For Women, Higher Salaries Mean Greater Health Concerns
Unfortunately, all of that pressure may come at a price.
In a new study published in the Harvard Business Review, Meghan FitzGerald, the executive vice president of corporate strategy at Cardinal Health and a faculty member of Columbia University's Mailman School of Public Health, polled 369 North American women about their health. Many of them work for Fortune 500 companies; they also ranged in age from 21 to 60, had varied levels of education and income and occupied all levels of the corporate ladder, from senior to entry level.
You might assume that women with higher levels of income and education would be healthier. This inkling certainly wouldn't be coming out of nowhere: The correlation between better health and higher levels of income and education is well documented.
Yet according to FitzGerald's results, women with higher education and income levels reported feeling less healthy overall, despite faring better on individual health indicators like sleep, weight and alcohol intake.
The numbers: Less-educated women said they had between 2.5 and 3 drinks per night out, versus 1.5 for more-educated women. Women who made between $20,000 and $50,000 had a mean BMI of 29; for women who made more than $1 million, that number was a little over 22. A BMI of 18.5 to 24.9 is considered "healthy" by the Centers for Disease Control and Prevention, while 25 to 29.9 is "overweight."
Meanwhile, roughly 30% of high school graduates reported getting less than six hours of sleep per night, compared with about 15% of women with doctorate degrees.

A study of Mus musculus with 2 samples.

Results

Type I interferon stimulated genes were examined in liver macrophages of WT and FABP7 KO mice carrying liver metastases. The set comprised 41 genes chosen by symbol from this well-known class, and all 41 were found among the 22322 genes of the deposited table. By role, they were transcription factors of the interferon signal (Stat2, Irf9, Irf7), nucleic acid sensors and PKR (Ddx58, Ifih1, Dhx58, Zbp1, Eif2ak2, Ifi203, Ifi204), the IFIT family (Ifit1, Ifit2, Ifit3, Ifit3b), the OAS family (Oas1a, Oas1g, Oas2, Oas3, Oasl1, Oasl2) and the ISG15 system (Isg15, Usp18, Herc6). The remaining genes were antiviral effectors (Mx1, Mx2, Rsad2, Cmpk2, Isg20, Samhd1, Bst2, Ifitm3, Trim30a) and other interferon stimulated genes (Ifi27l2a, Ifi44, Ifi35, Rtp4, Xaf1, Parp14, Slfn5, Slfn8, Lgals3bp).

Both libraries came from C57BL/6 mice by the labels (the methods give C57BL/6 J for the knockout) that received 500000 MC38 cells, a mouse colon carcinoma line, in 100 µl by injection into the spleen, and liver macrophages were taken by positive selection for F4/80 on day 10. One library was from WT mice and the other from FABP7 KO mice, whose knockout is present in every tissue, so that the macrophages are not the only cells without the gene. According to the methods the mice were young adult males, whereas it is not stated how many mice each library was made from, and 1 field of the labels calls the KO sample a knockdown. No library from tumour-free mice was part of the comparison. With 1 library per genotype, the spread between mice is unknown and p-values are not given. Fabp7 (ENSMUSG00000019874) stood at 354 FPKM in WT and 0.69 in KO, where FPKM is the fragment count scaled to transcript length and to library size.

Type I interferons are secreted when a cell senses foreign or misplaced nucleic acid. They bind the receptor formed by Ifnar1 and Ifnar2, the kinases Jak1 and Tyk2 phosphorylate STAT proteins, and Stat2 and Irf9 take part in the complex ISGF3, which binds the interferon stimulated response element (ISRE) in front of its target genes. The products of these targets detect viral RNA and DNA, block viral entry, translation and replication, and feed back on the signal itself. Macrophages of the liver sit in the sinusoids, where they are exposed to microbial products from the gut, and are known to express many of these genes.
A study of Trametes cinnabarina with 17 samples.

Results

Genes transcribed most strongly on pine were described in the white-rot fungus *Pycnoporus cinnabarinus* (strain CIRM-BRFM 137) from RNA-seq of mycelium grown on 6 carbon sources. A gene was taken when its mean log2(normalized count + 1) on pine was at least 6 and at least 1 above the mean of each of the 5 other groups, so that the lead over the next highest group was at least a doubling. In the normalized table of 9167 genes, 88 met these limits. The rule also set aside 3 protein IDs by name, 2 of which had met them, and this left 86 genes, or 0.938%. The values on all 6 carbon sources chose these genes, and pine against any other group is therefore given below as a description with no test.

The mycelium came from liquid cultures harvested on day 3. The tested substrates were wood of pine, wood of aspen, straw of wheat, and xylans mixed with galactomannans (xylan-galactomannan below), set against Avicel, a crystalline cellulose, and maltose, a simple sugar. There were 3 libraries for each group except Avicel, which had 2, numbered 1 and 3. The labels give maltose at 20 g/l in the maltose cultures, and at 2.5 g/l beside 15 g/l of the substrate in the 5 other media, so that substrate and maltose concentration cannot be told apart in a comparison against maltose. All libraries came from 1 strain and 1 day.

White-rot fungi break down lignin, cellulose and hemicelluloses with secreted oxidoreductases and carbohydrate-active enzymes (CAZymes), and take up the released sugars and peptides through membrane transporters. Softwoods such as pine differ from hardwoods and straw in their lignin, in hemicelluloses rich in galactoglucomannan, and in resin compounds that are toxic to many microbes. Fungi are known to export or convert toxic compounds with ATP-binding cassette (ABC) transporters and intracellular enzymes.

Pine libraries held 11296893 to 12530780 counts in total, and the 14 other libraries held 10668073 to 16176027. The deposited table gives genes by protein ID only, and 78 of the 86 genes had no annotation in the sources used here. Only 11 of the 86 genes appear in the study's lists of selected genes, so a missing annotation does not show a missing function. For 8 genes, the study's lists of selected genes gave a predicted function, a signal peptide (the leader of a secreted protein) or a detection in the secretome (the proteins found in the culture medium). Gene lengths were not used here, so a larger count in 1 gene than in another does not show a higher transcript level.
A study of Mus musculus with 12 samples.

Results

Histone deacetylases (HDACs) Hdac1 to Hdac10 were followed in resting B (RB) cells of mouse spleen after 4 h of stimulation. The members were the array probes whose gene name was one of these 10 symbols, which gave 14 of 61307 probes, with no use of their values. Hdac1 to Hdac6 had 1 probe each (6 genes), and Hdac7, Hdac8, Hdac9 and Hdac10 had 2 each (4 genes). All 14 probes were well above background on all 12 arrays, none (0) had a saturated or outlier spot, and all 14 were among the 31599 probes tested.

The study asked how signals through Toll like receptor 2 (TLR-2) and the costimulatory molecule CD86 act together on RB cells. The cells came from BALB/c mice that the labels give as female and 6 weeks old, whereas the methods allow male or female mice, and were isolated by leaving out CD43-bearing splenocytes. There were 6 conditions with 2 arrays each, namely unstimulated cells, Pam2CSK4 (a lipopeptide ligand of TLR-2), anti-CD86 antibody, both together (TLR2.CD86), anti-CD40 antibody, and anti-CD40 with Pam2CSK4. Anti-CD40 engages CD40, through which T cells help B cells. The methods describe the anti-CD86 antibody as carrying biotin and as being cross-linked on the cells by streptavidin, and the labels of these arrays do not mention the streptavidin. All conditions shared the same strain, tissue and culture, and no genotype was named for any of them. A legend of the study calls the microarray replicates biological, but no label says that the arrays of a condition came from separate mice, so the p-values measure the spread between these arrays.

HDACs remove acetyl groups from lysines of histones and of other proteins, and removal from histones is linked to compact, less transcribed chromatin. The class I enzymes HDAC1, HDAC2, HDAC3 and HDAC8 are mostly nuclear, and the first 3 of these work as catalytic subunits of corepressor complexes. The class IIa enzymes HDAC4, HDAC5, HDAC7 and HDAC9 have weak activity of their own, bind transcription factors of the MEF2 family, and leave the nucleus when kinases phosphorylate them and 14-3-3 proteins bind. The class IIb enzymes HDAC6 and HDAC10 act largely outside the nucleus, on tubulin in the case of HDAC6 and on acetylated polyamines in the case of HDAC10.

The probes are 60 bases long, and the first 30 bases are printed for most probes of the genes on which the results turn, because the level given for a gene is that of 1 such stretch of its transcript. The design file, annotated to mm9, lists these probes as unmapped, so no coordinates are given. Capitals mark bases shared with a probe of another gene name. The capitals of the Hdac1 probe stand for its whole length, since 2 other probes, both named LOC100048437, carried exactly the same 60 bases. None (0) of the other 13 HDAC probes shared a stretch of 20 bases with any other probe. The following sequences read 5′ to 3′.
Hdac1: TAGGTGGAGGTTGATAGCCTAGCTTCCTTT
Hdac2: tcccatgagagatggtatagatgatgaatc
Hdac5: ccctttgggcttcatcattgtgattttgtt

But overall, "healthier" women felt less healthy overall. They also worried more about their health.
The mean "general health" indicator — a self-reported number measured on a scale from 1 to 5 — for women who made more than $1 million was just under 2. For those women making between $20,000 and $50,000, the number was about 2.5. (Interestingly, women who made between $500,000 and $1 million were much closer to the high of 2.5; FitzGerald didn't provide much in the way of an explanation for this difference.)
"How can this be?" FitzGerald wrote in the Harvard Business Review. "How can women who report being healthier and less stressed on specific measures feel less healthy overall and worry more about their health?"
Unfortunately for women everywhere, the study didn't provide many answers. FitzGerald posited that wealthier, more educated women may hold themselves to higher health standards for health, or that since they don't need to worry as much about money, they may have more energy to think about their health, or that "those who choose to pursue more education are more likely have certain personality traits that lead them to be concerned about their health."
Whatever the case may be, FitzGerald's study certainly isn't the first to connect working women and bad health. As Mic's Jenny Kutner reported in August, women who work in male-dominated areas are plagued by "abnormally high stress levels."
It should be pointed out, of course, that the key word in FitzGerald's study is "self-reported" — the women who self-reported feelings of lesser health didn't necessarily score that way quantitatively. What's more difficult is pinning down exactly why that discrepancy occurs.
For her part, FitzGerald noted that she's working on a similar study about men, which may shed some light on this issue. For now, however, women the prospect of having it all just got a little bit scarier.